The Gala Gambit: How Much Did Your Donor Event Really Cost?
It’s no secret that some fundraisers rely on elaborate gimmicks to separate money from donors’ wallets.
In a Disney movie, Daddy Warbucks would come to the rescue, expecting nothing in return for his donation but a feeling of peace and goodwill at the end of the day. Reality is very different, though, because most donors want something more than a clear conscience in return for their investment. It’s human nature.
Show Me the Money
But all too often, fundraisers spend scads of time, money and effort creating flashy, elaborate events that rival a Great Gatsby party to reward donors who, in return, make small or medium-sized gifts of $1,000, $5,000 or $10,000.
I can hear the whir of your mental cogs as you do the calculations now: “But Viken, if we get 10 people who give us $10,000 at our next party, that’s $100,000!”
Congratulations on your math skills. That figure sounds great, and I’m happy you’ve got your mind on the money. But did you really consider the true cost of your event? I’m not just talking dollars and cents here — I’m talking about dollars that make sense.
Lord of the Blings
Let’s consider an event I was just invited to attend in a famous casino town: It includes a 5-star, 5-course dinner and wine pairing event at a posh restaurant; a two-night stay in luxury suites; live, top-notch entertainment, plus a second dinner and cocktail hour — this thing practically rivals the Met Gala. The only thing missing was a swag bag with a Swarovski crystal-studded iPhone and the keys to a Ferrari.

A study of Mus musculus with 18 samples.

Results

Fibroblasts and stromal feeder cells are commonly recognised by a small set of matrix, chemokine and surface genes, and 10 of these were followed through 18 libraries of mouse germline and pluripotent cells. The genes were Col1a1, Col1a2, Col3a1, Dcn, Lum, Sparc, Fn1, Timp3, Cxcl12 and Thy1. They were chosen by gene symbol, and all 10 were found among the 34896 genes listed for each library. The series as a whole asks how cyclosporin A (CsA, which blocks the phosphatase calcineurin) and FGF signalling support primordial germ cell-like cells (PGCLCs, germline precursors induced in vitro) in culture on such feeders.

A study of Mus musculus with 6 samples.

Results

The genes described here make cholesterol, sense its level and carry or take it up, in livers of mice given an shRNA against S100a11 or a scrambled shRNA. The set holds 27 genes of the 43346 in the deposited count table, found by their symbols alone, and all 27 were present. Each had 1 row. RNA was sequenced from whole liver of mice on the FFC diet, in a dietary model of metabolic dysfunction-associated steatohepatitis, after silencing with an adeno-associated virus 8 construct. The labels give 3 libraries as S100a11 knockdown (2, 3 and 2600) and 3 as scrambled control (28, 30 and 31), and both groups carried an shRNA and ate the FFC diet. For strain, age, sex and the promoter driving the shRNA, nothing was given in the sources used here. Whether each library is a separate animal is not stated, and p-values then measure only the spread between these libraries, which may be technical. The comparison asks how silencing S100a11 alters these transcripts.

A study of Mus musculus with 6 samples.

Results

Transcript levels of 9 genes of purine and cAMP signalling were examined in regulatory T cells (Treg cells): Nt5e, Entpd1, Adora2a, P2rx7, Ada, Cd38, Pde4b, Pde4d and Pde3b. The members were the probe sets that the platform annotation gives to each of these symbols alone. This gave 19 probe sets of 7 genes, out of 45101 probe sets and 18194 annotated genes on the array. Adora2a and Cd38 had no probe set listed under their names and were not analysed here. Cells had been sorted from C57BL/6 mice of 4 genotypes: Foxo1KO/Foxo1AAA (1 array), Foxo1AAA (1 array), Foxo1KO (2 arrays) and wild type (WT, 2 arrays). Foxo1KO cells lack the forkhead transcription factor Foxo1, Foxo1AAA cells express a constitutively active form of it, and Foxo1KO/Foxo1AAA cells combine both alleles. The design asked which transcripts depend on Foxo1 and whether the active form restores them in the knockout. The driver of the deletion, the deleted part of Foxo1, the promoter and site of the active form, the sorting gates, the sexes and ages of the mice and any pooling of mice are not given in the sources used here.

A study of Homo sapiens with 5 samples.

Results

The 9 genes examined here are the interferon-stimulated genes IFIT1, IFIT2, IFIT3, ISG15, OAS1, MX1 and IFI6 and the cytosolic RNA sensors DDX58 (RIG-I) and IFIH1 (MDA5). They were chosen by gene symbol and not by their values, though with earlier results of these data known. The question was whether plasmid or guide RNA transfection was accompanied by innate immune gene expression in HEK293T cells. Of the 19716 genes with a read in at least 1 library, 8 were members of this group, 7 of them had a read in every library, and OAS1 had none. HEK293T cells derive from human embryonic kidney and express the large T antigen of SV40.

Looks great on paper, and it’s sure to attract donors. But think about the real cost. Yes, I know you’ll say “But most of the amenities were donated, Viken. It didn’t cost us a thing to book Jay-Z!”
The Real Math
Let’s break down the expenses, shall we?
- Travel (mileage and time spent in planes, trains and automobiles adds up).
- Time spent planning the events (because time is money, and these things take time to organize).
- Lawyer fees for drafting the fine print (the care and feeding of a lawyer is pricey, even if you keep them in a closet on-site).
- Rolaids (For when the entertainment falls through the week of the gala).
- Tylenol (For the inevitable headaches caused by reading the fine print, finding backup entertainment, and getting sponsors to return calls).
- Plastic surgery (to create a permanent grin, because by the time the event rolls around you’ll be too tired to remember to smile at donors).
- Carpal Tunnel surgery (from shaking hands with everyone in the room).
In all seriousness, fundraising events are a necessity. But all too often, fundraisers forget the easiest, most obvious solution: A planned giving effort (not even a program!) that could have raised hundreds of thousands of dollars had it been implemented 5 to 10 years ago. And it costs next to nothing when compared with the alternatives.
Don’t Wait Another Ten Years
Implement a planned giving program (or, just an effort) now (a marketing plan helps). You’ll be thanking yourself today, and again in a few years when you don’t have to scramble to find a replacement for Cher because she needed emergency hip surgery the day of your event.
Some fundraisers might be thinking (very few, I hope!) “Heck, I wasn’t here 10 years ago, and I probably won’t be here when those planned gifts come in 5, 10 or 20 years from now. I want to focus on immediate results.” Well, that’s the kind of mentality that creates a constant need for immediate capital. If that’s how you think, it’s time to change your mindset, because it’s not doing your organization any favors.